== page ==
Warrant



A security entitling the holder to buy a proportionate amount of stock at some specified future date at a specified price, usually one higher than current market price. Warrants are traded as securities whose price reflects the value of the underlying stock. Corporations often bundle warrants with another class of security to enhance the marketability of the other class. Warrants are like call options, but with much longer time spans-sometimes years. And, warrants are offered by corporations, while exchange-traded call options are not issued by firms.

Warrant

A certificate, usually issued with a preferred stock, giving the holder the option of buying an underlying asset, in this case usually more stock, at a certain strike price. The strike price is usually higher than the market value of the underlying asset at the time of issue but lower than the expected market value at some point in the future. Some warrants expire a few years after issuance, but perpetual warrants can theoretically last forever. Unlike options, stock warrants are issued by companies during a round of financing, rather than by an individual investor or brokerage. Companies issue stock warrants to attract investors who might not otherwise be interested.

warrant

A security that permits its owner to purchase a specific number of shares of stock at a predetermined price. For example, a warrant may give an investor the right to purchase 5 shares of XYZ common stock at a price of $25 per share until October 1, 2007. Warrants usually originate as part of a new bond issue, but they trade separately after issuance. Warrants usually have limited lives. Their values are considerably more volatile than the values of the underlying stock. Thus, investment in warrants is not for the timid. Also called equity warrant, stock warrant, subscription warrant. See also debt warrant, perpetual warrant, usable bond.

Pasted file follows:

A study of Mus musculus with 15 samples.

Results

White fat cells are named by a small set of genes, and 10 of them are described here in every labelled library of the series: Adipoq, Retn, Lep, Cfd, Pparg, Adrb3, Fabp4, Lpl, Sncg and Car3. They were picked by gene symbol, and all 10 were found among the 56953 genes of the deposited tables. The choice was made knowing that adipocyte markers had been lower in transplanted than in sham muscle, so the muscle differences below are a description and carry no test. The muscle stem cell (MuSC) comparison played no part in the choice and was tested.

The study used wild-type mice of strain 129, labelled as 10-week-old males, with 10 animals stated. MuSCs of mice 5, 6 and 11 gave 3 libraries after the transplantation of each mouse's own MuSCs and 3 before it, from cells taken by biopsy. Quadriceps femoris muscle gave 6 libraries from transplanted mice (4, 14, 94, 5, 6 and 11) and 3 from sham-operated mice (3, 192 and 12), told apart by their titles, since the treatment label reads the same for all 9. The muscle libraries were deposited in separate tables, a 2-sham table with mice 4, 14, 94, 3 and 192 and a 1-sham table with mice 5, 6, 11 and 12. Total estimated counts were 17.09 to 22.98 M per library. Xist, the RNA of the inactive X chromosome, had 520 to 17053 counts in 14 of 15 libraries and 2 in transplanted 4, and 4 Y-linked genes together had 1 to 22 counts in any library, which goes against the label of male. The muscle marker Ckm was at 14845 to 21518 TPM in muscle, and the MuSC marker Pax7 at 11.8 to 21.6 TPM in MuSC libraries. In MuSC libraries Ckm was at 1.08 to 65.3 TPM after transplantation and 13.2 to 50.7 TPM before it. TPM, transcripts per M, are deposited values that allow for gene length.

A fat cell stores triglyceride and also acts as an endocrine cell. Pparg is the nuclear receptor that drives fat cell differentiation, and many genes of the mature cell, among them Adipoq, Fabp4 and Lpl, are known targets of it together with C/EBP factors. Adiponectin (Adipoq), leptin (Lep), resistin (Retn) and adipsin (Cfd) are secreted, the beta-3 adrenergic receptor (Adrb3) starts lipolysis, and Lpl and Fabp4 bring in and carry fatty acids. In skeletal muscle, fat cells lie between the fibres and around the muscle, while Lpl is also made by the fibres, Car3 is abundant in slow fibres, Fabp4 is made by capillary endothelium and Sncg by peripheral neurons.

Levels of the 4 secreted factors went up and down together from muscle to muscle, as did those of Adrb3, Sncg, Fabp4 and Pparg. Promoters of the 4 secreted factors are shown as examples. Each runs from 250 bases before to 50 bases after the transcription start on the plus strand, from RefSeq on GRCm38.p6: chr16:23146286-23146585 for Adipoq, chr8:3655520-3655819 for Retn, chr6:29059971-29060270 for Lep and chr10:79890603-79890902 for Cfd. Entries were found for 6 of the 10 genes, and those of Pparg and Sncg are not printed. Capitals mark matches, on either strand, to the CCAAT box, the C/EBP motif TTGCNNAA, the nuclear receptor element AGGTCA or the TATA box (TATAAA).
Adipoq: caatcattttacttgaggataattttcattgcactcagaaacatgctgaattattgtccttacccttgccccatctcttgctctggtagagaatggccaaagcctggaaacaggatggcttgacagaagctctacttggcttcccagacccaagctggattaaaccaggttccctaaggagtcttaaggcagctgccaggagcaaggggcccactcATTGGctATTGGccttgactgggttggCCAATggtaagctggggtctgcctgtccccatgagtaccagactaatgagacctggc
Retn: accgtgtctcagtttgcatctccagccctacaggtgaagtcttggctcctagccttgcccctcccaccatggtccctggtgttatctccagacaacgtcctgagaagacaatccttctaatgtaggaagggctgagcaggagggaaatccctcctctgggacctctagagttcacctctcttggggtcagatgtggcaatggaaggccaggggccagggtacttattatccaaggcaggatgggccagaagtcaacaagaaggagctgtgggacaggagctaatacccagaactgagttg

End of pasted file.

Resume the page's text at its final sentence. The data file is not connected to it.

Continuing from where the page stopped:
Warrant.

Corporations may issue warrants that allow you to buy a company's stock at a fixed price during a specific period of time, often 10 or 15 years, though sometimes there is no expiration date.

Warrants are generally issued as an incentive to investors to accept bonds or preferred stocks that will be paying a lower rate of interest or dividends than would otherwise be paid.

How attractive the warrants are -- and so how effective they are as an incentive to purchase -- generally depends on the growth potential of the issuing company. The brighter the outlook, the more attractive the warrant becomes.

When a warrant is issued, the exercise price is above the current market price. For example, a warrant on a stock currently trading at $15 a share might guarantee you the right to buy the stock at $30 a share within the next 10 years. If the price goes above $30, you can exercise, or use, your warrant to purchase the stock, and either hold it in your portfolio or resell at a profit. If the price of the stock falls over the life of the warrant, however, the warrant becomes worthless.

Warrants are listed with a "wt" following the stock symbol and traded independently of the underlying stock. If you own warrants to purchase a stock at $30 a share that is currently trading for $40 a share, your warrants are theoretically be worth a minimum of $10 a share, or their intrinsic value.

warrant

a FINANCIAL SECURITY issued by a company to raise capital, which gives the holder the right to purchase SHARES in the company at some specified future date at a set price. Warrants are quoted on the STOCK MARKET and thus can be bought and sold in the same way as the issuing company's shares, usually at a much lower price. In essence a warrant is similar to convertible LOAN STOCK (but without interest payments) which can be converted into equity at the appointed time. The holder of a warrant forgoes current income in the hope of making a sizable capital gain on conversion.

Warrant

A certificate authorizing the holder to buy a corporation's stock at a specified price, either indefinitely or within a certain time. Warrants are different from rights in that they generally last longer, and the price at which the holder is entitled to buy the stock usually is more than the stock's market price when the warrant was issued.
Chairman Huang Min-chu of the Taiwan Securities Association is upbeat about the prospects of the local warrant market, predicting that within a few years warrants will account for 5% of the total trading volume on the stock market.